Background info takes over post

I am having a kind of a busy week which means no sketching for the time being. Yesterday the day was even busier because I participated in the annual demonstration for the anniversary of the Athens Polytechnic uprising which ended on November 17 1973 with the army driving a tank through the school’s gate.

To give you some historical context, Greece was under a totalitarian regime, the military junta from ’67 to ’74. I don’t want to go too much into details about modern Greek history because it’s really complicated and really messed up. The military junta is exactly what you’d expect it to be: a period of military rule following a coup d’etat by a group of right-wing army officers. Τhere was no such thing as freedom of speech or freedom of the press. Student organisations were outlawed, congregations of more than five people became illegal, Circulation on the street was prohibited after a certain hour. Certain books became illegal. Having long hair was banned. The Beatles were banned.

When I was a kid, every time my mother would park in the underground garage of the building where she used to work, she would to point to two narrow, iron doors on the wall: ‘ The police used to torture people in here during the junta’ she’d say and I would climb the two steps to reach the small window on the door and try to take a peek into the holding cell. Luckily, there was nothing to see any more.

The student uprising began with an occupation of the Law school months before the events at the Polytechnic. On the 14th of November 1973 the students assembled in the Law school once again and decided to occupy the building of the Polytechnic. On the 16th of November the first clashes with the police forces took place. At that point it was clear that this wasn’t a simple student protest; the students were joined by workers, farmers and people of all sorts. The Greek people were urged to rise against the regime through a makeshift radio station operated by the students in the occupied building.

On November 17th, after midnight, armed forces were mobilized to suppress the uprising, bringing AFVs and snipers along. ‘We are unarmed, we will greet you with cheers’, the voice on the Polytechnic radio station announced. At around 3.00 a.m. three armored vehicles moved towards the building. One of them drove against the front gate of the buildings, on which several students were positioned, bringing it down and crashing some of the students in the process. The armed forces clashed with the students within the building’s courtyard until around 3.30 when the building is reported to have been evacuated. Ambulances were called to pick up the wounded as well as the dead. The fights continued in the surrounding area.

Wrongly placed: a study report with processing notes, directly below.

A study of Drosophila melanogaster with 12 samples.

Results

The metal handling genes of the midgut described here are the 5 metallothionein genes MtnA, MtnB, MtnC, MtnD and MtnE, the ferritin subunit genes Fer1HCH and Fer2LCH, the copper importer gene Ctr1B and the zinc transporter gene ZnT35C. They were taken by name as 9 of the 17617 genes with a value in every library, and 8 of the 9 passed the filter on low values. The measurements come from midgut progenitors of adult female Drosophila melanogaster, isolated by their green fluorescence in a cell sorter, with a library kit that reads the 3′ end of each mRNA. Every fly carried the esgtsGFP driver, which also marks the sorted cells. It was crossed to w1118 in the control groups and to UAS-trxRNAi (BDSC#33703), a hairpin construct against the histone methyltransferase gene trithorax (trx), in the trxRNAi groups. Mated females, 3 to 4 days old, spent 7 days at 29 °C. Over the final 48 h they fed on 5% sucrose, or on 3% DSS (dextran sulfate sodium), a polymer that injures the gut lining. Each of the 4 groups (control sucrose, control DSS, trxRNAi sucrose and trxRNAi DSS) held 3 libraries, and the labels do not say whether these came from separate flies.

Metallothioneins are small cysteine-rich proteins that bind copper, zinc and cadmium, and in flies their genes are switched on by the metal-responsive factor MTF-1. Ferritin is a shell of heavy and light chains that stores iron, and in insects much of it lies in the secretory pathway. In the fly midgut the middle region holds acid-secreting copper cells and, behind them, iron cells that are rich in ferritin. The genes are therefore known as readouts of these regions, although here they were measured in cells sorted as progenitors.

A few hours later martial law was imposed.The uprising at the Polytechnic didn’t bring down the junta on its own. A short Dutch documentary that is projected in one of the Polytechnic’s classrooms each year includes interviews of the students within the occupied building. Some of them said they had been arrested by the police before several times, some had been tortured. ‘Aren’t you afraid this might happen again?’ the journalist asked. The students replied they were aware of the possibility, but there was no other solution. They were asked what they expected to accomplish with this occupation. Did they believe the junta would collapse? The students had realistic expectations. ‘ We expect this to be a good first step’, they said.

Anyway, this post is becoming too long, so here’s some footage from the concert of composer Mikis Theodorakis after the fall of the junta:

I guess I’ll have to write about current events some other time.


  1. Glad to hear you took part in the demo the other day. As an outsider I followed alongside in solidarity taking pictures. I hope you stayed safe at night. I took my cue to leave when the tear gas came out near the embassy.